Pokemon Diamond Version Online
Release year: 2006 | Players: 1 player – multiplayer | Developed by Game Freak
Pokemon Diamond Version (NDS)
Pokemon Diamond Version (AKA ポケットモンスターダイヤモンド Pocket Monsters Diamond in Japan) is a 3D role-playing game (RPG) developed by Game Freak and released by Nintendo for the Nintendo DS (NDS) handheld console in 2006. This game brings the fourth generation of Pokémon and a whole new region to explore called Sinnoh. Old school fans would probably feel nostalgic about the gameplay and storyline as Nintendo sticks to its tried and true formula for the franchise. You will relive the same hype from previous Pokemon games where you catch different species, battle with professional trainers called gym leaders, save the world from the hands of a rogue trainer organization—all as you work your way up to becoming the world’s champion.
While it’s true that Pokémon Diamond Version is much of the same, the developers worked on its fundamentals brilliantly, making the game refreshing RPG experience for both new and old fans alike. With the introduction of online play made possible through the Nintendo DS’ Wi-Fi function, the game cemented its status as a social game given the ability to trade with virtually anyone in the world.
This should make completionists quite happy since you won’t need to be near friends to complete Pokedex, the in-game Pokémon encyclopedia. For players who value the mechanics, the game revamped its battle system by classifying attacks under physical or special, rather than its type. The battles are now more balanced and require a deeper element of strategy giving players a better sense of a fun challenge.
Pokémon Diamond Version’s creative use of pseudo-3D graphics and audio design is a definite improvement over its previous predecessors. In a sense, you won’t feel like the game threw away the identity that originally made it popular. The game, however, fails to utilize the NDS’ full capabilities while the recycled sound from previous games comes off as a hit or miss for seasoned players. The game does redeem itself with the ability to obtain Pokémon from the GBA games, but only through NDS systems with backward compatibility.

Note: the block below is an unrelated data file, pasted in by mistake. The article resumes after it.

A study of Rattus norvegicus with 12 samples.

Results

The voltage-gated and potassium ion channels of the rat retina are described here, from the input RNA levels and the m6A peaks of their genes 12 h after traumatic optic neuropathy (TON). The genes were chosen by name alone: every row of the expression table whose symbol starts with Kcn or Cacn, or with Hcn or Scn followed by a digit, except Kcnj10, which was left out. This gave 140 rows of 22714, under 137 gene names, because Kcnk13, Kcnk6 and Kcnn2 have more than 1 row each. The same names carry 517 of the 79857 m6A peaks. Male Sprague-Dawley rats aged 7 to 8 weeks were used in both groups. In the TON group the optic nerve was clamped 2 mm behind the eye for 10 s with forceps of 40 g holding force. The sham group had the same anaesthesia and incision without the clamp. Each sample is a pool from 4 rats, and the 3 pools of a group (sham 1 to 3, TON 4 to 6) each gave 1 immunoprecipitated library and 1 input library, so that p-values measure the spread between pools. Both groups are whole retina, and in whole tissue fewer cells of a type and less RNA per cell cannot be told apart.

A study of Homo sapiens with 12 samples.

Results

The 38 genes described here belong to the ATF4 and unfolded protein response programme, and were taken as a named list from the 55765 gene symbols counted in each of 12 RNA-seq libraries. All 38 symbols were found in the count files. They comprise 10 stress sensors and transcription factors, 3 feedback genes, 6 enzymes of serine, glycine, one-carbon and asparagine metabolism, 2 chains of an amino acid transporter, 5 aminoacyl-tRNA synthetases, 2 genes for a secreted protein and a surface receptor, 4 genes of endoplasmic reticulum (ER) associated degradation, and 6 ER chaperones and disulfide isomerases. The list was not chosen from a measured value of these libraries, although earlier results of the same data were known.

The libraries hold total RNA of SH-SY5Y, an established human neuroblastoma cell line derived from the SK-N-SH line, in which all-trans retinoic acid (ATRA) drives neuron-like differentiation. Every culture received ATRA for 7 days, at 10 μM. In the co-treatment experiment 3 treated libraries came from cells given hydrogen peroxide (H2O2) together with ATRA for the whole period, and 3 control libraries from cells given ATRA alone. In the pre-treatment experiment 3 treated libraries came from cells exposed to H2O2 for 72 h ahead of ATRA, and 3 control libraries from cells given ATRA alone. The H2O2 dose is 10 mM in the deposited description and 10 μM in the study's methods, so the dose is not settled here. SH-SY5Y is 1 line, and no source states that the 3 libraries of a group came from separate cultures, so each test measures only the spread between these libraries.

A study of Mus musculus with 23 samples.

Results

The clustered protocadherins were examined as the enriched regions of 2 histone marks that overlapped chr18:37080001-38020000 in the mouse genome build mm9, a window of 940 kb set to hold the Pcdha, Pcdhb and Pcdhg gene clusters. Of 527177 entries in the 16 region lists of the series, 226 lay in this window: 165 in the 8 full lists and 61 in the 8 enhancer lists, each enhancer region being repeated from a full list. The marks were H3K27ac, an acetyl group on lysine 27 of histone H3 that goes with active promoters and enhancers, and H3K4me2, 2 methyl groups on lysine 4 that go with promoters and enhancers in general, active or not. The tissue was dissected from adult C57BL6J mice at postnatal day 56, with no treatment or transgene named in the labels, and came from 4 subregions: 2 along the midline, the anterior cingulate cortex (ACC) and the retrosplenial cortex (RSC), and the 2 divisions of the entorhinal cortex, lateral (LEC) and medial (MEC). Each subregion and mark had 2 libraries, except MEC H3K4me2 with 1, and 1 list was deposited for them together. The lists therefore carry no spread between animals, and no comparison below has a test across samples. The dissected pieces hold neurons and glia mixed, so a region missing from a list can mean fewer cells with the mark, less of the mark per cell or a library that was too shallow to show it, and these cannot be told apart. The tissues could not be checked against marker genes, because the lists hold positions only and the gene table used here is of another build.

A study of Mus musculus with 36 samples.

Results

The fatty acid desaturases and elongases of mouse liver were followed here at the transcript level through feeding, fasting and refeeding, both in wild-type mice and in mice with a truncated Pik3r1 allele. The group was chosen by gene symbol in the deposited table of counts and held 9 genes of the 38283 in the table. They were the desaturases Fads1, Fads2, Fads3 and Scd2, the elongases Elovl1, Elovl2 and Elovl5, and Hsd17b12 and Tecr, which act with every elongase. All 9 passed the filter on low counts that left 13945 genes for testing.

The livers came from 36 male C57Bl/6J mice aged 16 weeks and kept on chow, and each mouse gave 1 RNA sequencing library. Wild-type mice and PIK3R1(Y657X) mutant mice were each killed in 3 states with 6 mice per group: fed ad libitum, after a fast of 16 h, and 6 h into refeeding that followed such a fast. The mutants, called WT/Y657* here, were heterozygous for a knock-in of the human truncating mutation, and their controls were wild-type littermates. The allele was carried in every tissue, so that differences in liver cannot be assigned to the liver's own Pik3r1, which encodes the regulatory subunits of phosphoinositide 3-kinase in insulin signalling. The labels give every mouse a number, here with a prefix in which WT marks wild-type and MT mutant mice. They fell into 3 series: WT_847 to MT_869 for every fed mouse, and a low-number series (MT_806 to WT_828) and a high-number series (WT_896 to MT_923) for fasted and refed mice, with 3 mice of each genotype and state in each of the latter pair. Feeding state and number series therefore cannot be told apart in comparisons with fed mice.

The handheld games are often praised for their long replay value, and this holds true for Diamond. After all, spending at least 100 hours on the game is more of a norm now! Even after finishing the main quest, there are tons of side features to choose aside from just collecting all the monsters: there are Pokémon contests you can participate in for extra rewards and a new underground area can be explored for rare items and fossils. Players who get deep into Pokemon Diamond Version however, may notice that the game may be too repetitive after grinding through many battles and towns. The accessibility and gameplay features allow for massive customization and choices giving players something new to look forward each time.
Being the first Pokémon game developed for the NDS, Diamond Version shows signs of being experimental in comparison to the succeeding games. Overall, it succeeds in creating a well-rounded experience for players and strong replayability that makes it enjoyable despite the game’s age.
Pokemon Diamond Version game has only been ported to Nintendo DS (NDS).